Posted on April 23, 2022
This is an update of my post published on April 23, 2011:
Actually, nobody is sure exactly what day Shakespeare was born. I guess his parents didn't realize how famous he was going to be—because the only date we have in writing is his baptism date, April 26, 1564.
Still, it's traditional to celebrate Shakespeare's birthday on April 23, which is St. George's Day and is also the date that he died (at age 52, in 1616).
You probably already know that many people consider Shakespeare to be the greatest writer in the English language and the greatest playwright in ANY language. The things he wrote (a few with other authors) include 38 plays, 154 sonnets, two long narrative poems, and several other poems.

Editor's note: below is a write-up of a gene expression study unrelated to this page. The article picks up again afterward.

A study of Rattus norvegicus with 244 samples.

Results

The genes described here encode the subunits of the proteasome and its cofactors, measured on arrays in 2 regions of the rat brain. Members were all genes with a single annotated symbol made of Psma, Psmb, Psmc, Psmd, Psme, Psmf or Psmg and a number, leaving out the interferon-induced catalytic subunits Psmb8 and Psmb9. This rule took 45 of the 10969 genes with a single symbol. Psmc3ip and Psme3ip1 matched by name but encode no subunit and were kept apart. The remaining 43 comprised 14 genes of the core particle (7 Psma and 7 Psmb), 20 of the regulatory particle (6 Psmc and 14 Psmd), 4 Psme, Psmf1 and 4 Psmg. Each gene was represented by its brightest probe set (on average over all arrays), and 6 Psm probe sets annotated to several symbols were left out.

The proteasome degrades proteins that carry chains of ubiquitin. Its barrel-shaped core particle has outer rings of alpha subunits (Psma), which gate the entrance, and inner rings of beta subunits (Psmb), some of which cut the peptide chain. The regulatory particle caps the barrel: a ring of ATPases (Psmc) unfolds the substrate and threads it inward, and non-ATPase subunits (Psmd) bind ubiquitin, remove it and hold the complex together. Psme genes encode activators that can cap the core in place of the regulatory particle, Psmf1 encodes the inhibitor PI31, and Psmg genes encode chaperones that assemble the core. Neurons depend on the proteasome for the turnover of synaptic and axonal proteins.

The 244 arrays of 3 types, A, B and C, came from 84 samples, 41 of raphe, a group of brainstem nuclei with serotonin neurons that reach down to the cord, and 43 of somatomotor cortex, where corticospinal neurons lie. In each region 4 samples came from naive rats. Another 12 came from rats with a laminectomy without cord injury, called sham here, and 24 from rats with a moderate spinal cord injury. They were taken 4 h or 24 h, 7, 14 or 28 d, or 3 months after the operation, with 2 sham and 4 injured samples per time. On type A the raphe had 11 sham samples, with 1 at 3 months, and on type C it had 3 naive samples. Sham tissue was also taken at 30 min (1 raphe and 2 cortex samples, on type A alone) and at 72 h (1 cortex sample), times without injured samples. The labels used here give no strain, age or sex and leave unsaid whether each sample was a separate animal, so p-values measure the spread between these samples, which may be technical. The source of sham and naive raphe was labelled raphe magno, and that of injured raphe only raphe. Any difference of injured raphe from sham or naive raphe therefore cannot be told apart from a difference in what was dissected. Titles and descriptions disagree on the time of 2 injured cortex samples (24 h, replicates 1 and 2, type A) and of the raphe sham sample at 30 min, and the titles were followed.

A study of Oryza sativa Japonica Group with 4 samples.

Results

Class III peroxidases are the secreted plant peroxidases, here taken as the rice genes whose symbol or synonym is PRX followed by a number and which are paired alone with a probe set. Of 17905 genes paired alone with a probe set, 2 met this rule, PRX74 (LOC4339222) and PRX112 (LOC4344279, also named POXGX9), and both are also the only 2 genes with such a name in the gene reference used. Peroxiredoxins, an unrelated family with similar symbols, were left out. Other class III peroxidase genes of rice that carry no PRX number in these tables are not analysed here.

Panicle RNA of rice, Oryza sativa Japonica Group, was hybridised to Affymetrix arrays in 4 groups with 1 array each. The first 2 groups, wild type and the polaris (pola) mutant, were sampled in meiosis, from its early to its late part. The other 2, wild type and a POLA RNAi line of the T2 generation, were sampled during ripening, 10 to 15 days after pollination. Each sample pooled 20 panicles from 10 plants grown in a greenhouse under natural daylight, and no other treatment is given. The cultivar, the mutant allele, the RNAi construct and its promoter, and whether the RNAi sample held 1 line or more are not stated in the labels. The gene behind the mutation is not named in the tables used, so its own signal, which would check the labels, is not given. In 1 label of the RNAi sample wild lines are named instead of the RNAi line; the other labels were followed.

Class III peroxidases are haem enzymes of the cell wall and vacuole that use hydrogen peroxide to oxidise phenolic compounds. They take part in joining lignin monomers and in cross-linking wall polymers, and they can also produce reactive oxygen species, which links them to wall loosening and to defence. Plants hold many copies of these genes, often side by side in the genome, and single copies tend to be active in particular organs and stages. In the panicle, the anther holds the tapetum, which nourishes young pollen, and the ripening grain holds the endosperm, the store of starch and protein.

To celebrate the day, read a sonnet or two, or watch a movie version of one of Shakespeare's plays. How about A Midsummer Night's Dream (released in 1999, rated PG-13), Much Ado About Nothing (released in 1993, rated PG-13), or Romeo and Juliet (released in 1996, rated PG-13)? Note that all Shakespeare plays (and therefore movies based on those plays) have some measure of adult content, so check out parent advisories!
Check out this list of words and phrases originated or at least popularized by Shakespeare. Even people like me who aren't super excited about the plots of Shakespeare's plays can admire his way with words - including his habit of creating new words by stretching nouns into verbs or adjectives or converting adjectives into adverbs, by combining two already-existing words into one, and by inventing words that really ought to exist.